I’m starting to believe that I can convert any ‘salad-phobe’ to be a plant lover. LETTUCES UNITE!
No I’m not starting a new superhero team made of vegetables high in antioxidants which fight free radicals (however sounds a pretty good concept, any takers?)
Maybe that’s a rather strong statement. But why should it be. Vegetables shouldn’t be an afterthought, who was it that said meat should always take the limelight.
I’m becoming a big lover of having friends or family over and throwing a dinner party. I don’t know what it is that excites me most about them, planning the menu, shopping, or spending all day cooking to then be rewarded by making people smile. I’ve discovered I am a giver and a feeder. So beware.
When I was younger I would spend hours watching episodes of Nigella Lawson. Even then I used to dream of having a larder, even a fraction of the size of hers, and I would be happy. Little titbits of pointless kitchen gadgets, mismatched crockery and findings from travels, unknown ingredients from far flung stretches of the world, god knows what else she keeps hidden in there. I reckon I’d enter and never leave. She is a bit of a flirt, that’s what makes her even more entertaining. Never have I seen someone pour frozen peas out of a packet like Nigella does, and who knew that dressing gown clad and sleep crusted eyes of early mornings, whilst flipping out pancakes for the whole street could be made sexy. Well somehow she manages it.
Every episode seemed to result in a dinner party, typically with different people every time (that woman must have TONNES of friends, I don’t know where she must find them), and it was always performed with such ease and calm. She held the dinner parties that one can only dream of, with no mess and washing up either, that’s a bit of a mystery to me the word home economist springs to mind. I think it’s from all that time spent watching Nigella, ever since I’ve been trying to hone my hostessing skills.
It doesn’t always go to plan, yes I have cried many times over a failed pavlova or some dry lamb. The food isn’t the be all or end all though, it’s about spending time with loved ones and having a good old chat and giggle. That’s what I really love about them.
I’m starting to learn the best ways for staying calm when cooking for the masses (well anymore than three people), things I’ve only learnt by making mistakes and going wrong in the past. First, always cook things you know and like, stick to easy help yourself dishes like a big one pot and a big salad platter (keep on scrolling for a recipe), and don’t go too out there. I wouldn’t advise serving granny and grandad a raw vegan burger experiment or a massaged kale salad (it will get stuck in their teeth), serve crowd pleasing food but make sure the flavours are BIG and BOLD.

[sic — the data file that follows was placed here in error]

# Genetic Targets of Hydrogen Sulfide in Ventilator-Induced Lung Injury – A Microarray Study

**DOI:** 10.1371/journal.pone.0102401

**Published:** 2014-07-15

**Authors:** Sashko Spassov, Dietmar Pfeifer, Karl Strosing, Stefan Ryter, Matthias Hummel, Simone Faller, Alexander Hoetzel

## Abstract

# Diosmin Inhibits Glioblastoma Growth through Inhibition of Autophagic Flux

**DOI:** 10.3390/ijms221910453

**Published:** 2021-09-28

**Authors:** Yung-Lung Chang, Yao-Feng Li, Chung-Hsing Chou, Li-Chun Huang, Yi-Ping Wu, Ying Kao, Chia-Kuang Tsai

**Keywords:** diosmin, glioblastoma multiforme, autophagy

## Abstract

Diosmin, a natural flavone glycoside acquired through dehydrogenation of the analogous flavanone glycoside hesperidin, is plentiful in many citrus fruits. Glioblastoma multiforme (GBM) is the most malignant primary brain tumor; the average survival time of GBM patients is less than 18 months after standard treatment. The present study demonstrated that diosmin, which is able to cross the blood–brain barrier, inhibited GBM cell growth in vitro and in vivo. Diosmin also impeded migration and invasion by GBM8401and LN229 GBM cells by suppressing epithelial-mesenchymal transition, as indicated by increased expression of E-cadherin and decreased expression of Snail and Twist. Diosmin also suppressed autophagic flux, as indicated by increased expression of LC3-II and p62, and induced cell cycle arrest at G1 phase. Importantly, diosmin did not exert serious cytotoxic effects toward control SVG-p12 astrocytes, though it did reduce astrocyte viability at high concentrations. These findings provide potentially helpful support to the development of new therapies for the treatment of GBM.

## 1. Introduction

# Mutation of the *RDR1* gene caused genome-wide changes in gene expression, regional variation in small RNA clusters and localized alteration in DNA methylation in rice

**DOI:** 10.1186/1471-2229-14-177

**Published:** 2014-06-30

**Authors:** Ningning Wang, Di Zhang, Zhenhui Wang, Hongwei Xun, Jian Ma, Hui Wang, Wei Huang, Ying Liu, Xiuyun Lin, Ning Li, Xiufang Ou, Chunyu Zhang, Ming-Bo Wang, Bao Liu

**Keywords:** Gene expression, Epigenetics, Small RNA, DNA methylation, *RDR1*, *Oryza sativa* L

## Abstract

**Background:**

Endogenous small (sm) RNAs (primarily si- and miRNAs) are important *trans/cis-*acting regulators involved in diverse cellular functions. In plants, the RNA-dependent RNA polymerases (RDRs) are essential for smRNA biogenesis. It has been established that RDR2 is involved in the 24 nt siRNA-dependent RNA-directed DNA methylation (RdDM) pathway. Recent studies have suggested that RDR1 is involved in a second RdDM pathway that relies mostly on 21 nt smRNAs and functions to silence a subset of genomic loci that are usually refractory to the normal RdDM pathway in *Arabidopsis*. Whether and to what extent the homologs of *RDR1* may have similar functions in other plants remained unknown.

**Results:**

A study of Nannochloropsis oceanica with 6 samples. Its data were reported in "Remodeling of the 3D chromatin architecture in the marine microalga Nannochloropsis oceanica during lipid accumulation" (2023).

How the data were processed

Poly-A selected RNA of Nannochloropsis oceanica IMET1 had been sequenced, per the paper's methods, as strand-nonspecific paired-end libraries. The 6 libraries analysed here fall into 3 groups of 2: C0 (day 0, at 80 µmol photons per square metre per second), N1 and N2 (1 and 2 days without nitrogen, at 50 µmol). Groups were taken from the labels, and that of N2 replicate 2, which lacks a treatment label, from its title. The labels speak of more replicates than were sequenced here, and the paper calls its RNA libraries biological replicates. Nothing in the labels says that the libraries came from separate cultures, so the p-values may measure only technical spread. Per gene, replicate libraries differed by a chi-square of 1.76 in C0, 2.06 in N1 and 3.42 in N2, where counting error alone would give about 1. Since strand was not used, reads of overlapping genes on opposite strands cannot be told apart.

I like to base a menu on a certain cuisine, and try and stick to a theme, but a curry night or something with a Moroccan influence is always my fall back. This is where this salad steps in. It would go perfectly alongside a tagine, or some slow cooked meat such as lamb, or as part as a buffet or mezze. Even add some form of protein like chickpeas or halloumi and you’ll have a lovely light but filling salad.
This is perfect for if you grow your own vegetables and have a glut, of beans (any type will do, runner, string, French, broad beans), squashes, courgettes, aubergines, any late summer veg will fit in perfectly here. I used a mixture of runner beans, French beans and broad beans and butternut squash but don’t feel like you have to stick to that. I made enough to serve around four people, but it could easily be scaled up to serve a crowd or make to keep in a Tupperware for desk lunches throughout the week.
Green beans and spiced squash salad
- Big handful French beans
- Big handful of runner beans
- 2 large handfuls of broad beans (I used frozen, if using ones in the pods you’re going to need a lot of pods!!)
- 1/2 a large butternut squash
- Ras el hanout
- Tbsp ghee, coconut oil or rapeseed oil
- Punnet of cress
- 1/4 pomegranate
- Rose petals
For the dressing
- 1/2 lemon
- 3 tbsp extra virgin olive oil
- 1 tbsp apple cider vinegar
- Pinch salt and pepper
- 1 tsp sumac
- Preheat the oven to 200 degrees or 180 degrees fan
- Peel the butternut squash half, and scoop the seedy centre out if using the bottom half. Chop into 2cm cubes, place in a roasting tray along with the ghee (or coconut or rapeseed oil), sprinkle with salt, pepper and the Ras el hanout
- Place in the oven for around 30 mins, stirring to make sure they don’t stick, until slightly caramelised on the edges and soft all the way through. Leave to cool
- Trim the French beans and chop in half, then steam until tender but still with a bite. Leave to cool
- Trim the runner beans and slice on the diagonal 1cm wide, and steam again until just cooked and leave to cool
- If using frozen broad beans pour boiling water over them, leave for a couple of minutes then pour away the water. Peel the broad beans and put to one side. If you have broad beans in the pods, take the broad beans out of the pods, then follow the same process as before. The fresh broad beans may need steaming briefly if you find them too raw
- Add the roast squash, broad beans, runner beans and French beans to a large bowl. Add the cress and sprinkle over the pomegranate seeds
- For the dressing, whisk together all the ingredients and pour over the salad. Toss together, and if you want to be cute sprinkle over rose petals
I challenge you to find someone who doesn’t enjoy this salad, perhaps at your next dinner party. Serve in abundance, and follow Nigellas lead, make it a sexy one!